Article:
Filling in the Gaps: The Big Sleep

Every cinephile has gaps in their resumes.  Films they feel they should have seen but have not.  The classic movies that inspire many of today’s films and pop culture references are often known only by reputation or by famous snippets.  In this feature I will attempt to fill in my own gaps, while keeping in mind the modern viewer and how the films might interest them.


The Big Sleep


The Big Sleep was actually the first film I watched for this series.  But with it being such a dense movie and the introduction of this recurring feature running long, I opted to start off with the light weight and fun The Thin Man.  As surprising as it may seem, these films share a lot of similarities.  While The Thin Man is clearly a comedy first mystery movie and The Big Sleep is a dark film noir, both rely on the chemistry of their leads and treat the mysteries at the center of their plots as secondary to their real draw.


The Big Sleep is notorious in classic cinema for having one of the most convoluted and difficult to understand plots in early cinema.  At its core, it is your basic private detective looks for a missing person movie.   Bogart’s Phillip Marlow is hired by the elderly and sickly General Sternwood (Charles Waldron) to help get rid of some gambling debts his youngest daughter (Martha Vickers) has racked up.  But, before he can even get out the door the General’s eldest daughter (Bacall) is cluing Marlowe into much deeper mystery regarding the disappearance of the General’s former fixer and family friend Sean Regan.



From here, Marlowe stumbles into a deep mystery involving rare book dealers, blackmail, pornography, and quite a few murders.  The plot gets so thick  that one culprit behind one of the many murders in the movie is never even revealed.  Famously, even the writer of the book on which the film is based (Raymond Chandler), when asked by Bogart via director Howard Hawks was at a loss when they tried to figure out just who had killed that chauffeur.


And therein lies the base for one of the two things that The Big Sleep has become famous for.  The plot goes all over the place.  Modern viewers who are accustomed to having every plot point spelled out for them may find the mystery of this movie a bit hard to swallow.  Part of the problem here comes from the era in which the movie was made.  Some aspects, like the pornography ring at the center of the film’s mystery, were far to risqué for the censors of the time.  So certain aspects of the film’s mystery are only hinted at.  But most of the time its not very hard to get an idea as to what is going on.



Other aspects of the mystery are left purposely vague.  Marlowe is deep into an investigation that spans many suspects and criminal organizations with so many conflicting motives that the audience is left just as disoriented as the detective.  Watching as a modern viewer, I couldn’t help but see a number of similarities to my own personal favorite modern noir, LA Confidential.  Just like that film, the characters at the center of the film slowly reveal more and more complicated motives as the plot crawls on, revealing more and more complexity at every turn.  Never sure who to trust and always a surprise around the next corner.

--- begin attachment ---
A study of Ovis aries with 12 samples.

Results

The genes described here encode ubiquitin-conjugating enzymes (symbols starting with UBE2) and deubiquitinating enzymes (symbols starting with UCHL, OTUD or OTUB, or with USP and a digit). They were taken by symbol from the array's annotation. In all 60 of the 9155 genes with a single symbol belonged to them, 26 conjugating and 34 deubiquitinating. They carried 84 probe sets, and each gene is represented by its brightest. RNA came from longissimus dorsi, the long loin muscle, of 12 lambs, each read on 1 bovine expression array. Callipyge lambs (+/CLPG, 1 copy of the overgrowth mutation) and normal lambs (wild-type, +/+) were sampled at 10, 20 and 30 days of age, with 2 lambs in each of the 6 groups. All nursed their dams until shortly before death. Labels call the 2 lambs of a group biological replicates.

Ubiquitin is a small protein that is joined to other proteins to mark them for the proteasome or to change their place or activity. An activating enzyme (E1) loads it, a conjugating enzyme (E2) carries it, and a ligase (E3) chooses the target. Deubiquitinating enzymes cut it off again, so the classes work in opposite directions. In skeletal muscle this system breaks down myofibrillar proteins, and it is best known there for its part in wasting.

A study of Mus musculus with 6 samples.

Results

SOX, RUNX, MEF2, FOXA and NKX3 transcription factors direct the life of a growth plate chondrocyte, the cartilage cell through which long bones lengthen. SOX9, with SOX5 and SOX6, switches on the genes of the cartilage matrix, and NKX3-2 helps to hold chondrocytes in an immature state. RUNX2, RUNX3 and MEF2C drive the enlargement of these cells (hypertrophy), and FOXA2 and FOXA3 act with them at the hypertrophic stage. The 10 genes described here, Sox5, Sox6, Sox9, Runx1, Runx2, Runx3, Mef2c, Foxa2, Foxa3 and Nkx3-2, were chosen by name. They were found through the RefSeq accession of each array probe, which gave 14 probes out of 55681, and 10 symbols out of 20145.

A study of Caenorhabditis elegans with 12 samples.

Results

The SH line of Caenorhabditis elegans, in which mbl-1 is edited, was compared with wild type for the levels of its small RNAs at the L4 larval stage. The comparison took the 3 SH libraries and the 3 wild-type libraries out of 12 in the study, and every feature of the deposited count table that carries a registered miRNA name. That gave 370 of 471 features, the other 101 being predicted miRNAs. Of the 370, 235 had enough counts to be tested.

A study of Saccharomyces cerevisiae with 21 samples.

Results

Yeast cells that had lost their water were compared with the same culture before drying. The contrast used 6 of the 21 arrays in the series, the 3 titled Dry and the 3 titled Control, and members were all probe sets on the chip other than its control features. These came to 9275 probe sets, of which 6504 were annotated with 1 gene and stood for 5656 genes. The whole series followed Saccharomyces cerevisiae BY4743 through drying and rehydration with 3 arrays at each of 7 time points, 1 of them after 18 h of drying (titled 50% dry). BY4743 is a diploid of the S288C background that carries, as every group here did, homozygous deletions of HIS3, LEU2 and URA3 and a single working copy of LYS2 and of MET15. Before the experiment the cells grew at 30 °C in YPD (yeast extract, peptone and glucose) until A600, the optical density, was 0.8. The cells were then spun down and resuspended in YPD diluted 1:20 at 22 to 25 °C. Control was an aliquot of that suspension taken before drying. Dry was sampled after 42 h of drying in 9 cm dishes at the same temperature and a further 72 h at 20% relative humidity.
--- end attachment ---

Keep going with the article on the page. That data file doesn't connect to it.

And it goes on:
I found it wasn’t that difficult to rationalize the missing pieces of the plot in my mind to come up with a complete narrative.  But, if you are one who can’t stand loose ends or plot holes, then this movie may not be for you.  But, much like last week’s The Thin Man, the plot is not the main draw here.  Its the the chemistry of the leads.


The Big Sleep features an array of interesting characters even outside of its leads.  Reportedly, Vickers originally stole the show so much as Bacall’s wild younger sister, that reshoots were demanded by Bacall’s agent to give the star some better material to work with and cut some of the younger Sternwood’s more memorable scenes to keep her from stealing the show.



In the final product it is pretty seamless.  Bogart and Bacall were not married when The Big Sleep was made, but their chemistry is undeniable.  There are great scenes throughout, but when the two of them share the screen it is hard to pull your eyes away.  Any loss of plot coherence due to the scenes that were added or excised to make that chemistry pop was likely well worth it.  Apparently, the original 1945 version of the film that was made before the reshoots, is available.  I have not seen it, but from what I have read it is considered a lesser version and lacking some of that great Bogie/Bacall chemistry.


In the end, The Big Sleep is a great film that should play well with most modern audiences.  Complicated plots, dark motives, and betrayal have become the formula for this type of movie.  But here in its earliest stages it feels pure and unfiltered even if that can sometimes lead to a less coherent plot.  As long as you aren’t the type to dismiss a movie if everything isn’t sufficiently explained, this is a great movie and very easy to watch.


The Big Sleep (1946)

Starring: Humphrey Bogart, Lauren Bacall

Directed by: Howard Hawks


Recommended for lovers of Film Noir, mysteries, old Hollywood and Bogie and Bacall.